Welcome to our series, Hello Denver, My Name is… where we profile different people in Denver you probably don’t know, but should. Get ready to meet painters, dancers, comedians, musicians, designers and just generally fascinating people that help make Denver awesome.
Growing up, many kids create an imaginary world where they can act out their dreams. Be it a treehouse or a homemade fort or one purely constructed from the mind — most of us can fondly recall a lost reality of our childhood. The difference between most of us and Aurora native Abigail Plonkey is that she made these fantasies come true in her adult life.
Photos by Amanda Piela
“My dad was in construction so I grew up around residential design, I would dream up spaces and sketch them out into little floor plans,” explained Plonkey. “I created a Barbie world under the stairs, my dad put drywall and carpet down… My parents always wondered what I would do with this one day.”
Turns out, she would later use those same Barbies to launch her company Thrice — an “experiential design agency” that focuses on events and immersive experiences. KoreanBarbieQ was her foray into the world of pop-ups where she combined Korean BBQ and a Barbie aesthetic that was channeled through a message of female empowerment. (For example, she constructed a life-size Barbie box with an Oval Office background). As odd as that pairing may sound, the challenge of making a new world based on seemingly unrelated concepts is what partially drives Plonkey.
“I don’t want people to get it all at once,” she explained. “I want people to see something and be like, what is that? Where did that come from?”
Even though on the surface her concepts may seem like they came from a random word generator (Clueless Antoinette is another good example), Plonkey does have key underlying factors for all of her events. Food, drink and design form the three components of Thrice, and you’ll find them present in some iteration in all of her programmings thus far. This makes sense considering her background in branding, interior and restaurant design, as well as construction. Now running her own company called Maximalist, Plonkey originally started in spa design and later became the director of Brand Experience — something she says was one of the industry’s first fully comprehensive in-house agencies. Her creative touch can be seen all over Punch Bowl Social, S*Park in RiNo and Henley in Nashville — among others.
Thrice, however, is a completely different beast. For Plonkey, this is her space to bend the edges of the box that corporate and client life can put you in. In this realm, freedom comes from using items she finds and letting them dictate the story or finding a way to reimagine them inside her reality. And she’s used everything you can imagine — from hair extensions to soccer cones.
“Anything goes. There are no boundaries… literally the world is my oyster. I can use any type of space and transform it. That inspires me,” she explained.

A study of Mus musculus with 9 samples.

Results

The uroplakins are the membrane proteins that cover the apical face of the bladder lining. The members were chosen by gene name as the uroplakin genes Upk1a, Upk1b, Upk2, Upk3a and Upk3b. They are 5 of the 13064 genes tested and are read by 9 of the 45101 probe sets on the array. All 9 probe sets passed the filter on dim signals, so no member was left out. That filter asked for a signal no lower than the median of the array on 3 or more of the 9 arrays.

In this sense, Thrice is Plonkey’s personal act of rebellion. Often a tone of defiance can be felt in many of her events — especially her latest.
French Punk, which opened on February 14 and ends this weekend, is Plonkey’s first month-long event. Spanning three weekends, the pop-up took over a vacant corner of the Dairy Block. The 5,000 square foot concrete laden space was transformed into a celebration of anti-hate and non-conformity — two things the French and punks tend to agree on. Plonkey called upon some of Denver’s best creatives to bring her vision to life including neon artist Scott Young who helped saturate the location in shades of red. But it was really legendary Denver graffiti writer Tuke who set the tone when he sprayed painted the building inside and out.
“The cops were definitely called,” laughed Plonkey.
Additionally, a pair of Denver’s more rebellious food and beverage minds came on board to bring their own spin to French Punk. Run for The Roses owner Steven Waters literally built the bar by constructing it out of stereos Plonkey borrowed from a friend (while also writing the cocktail list). Next, un-conventional restauranteur and chef Kelly Whitaker brought his bread revolution with a #FreetheBaguette theme to an extravagant Drag brunch performance from Nextflix’s Dragula.
This weekend, the doors will open once again with a focus on music and a killer line-up of local DJs curated by DJ Cyn. A leather painter will be on hand to reimagine old jackets while a trusty copier Plonkey commandeered acts as the unofficial photo booth. Unsurprisingly, (given the punk theme,) the majority of the photos are not of people’s faces.
As for what’s next, more pop-ups are on the way with several ideas in the works. In true Thrice fashion, she has plans for a dehydrated fish, a Mickey Mouse phone and vintage microwaves. From the outside, it’s hard to imagine what she could possibly build with those three things. But as she puts it, “nothing [is] too provocative, out of this world or in question when it’s your own world you’re creating.”
For more information on Thrice go here.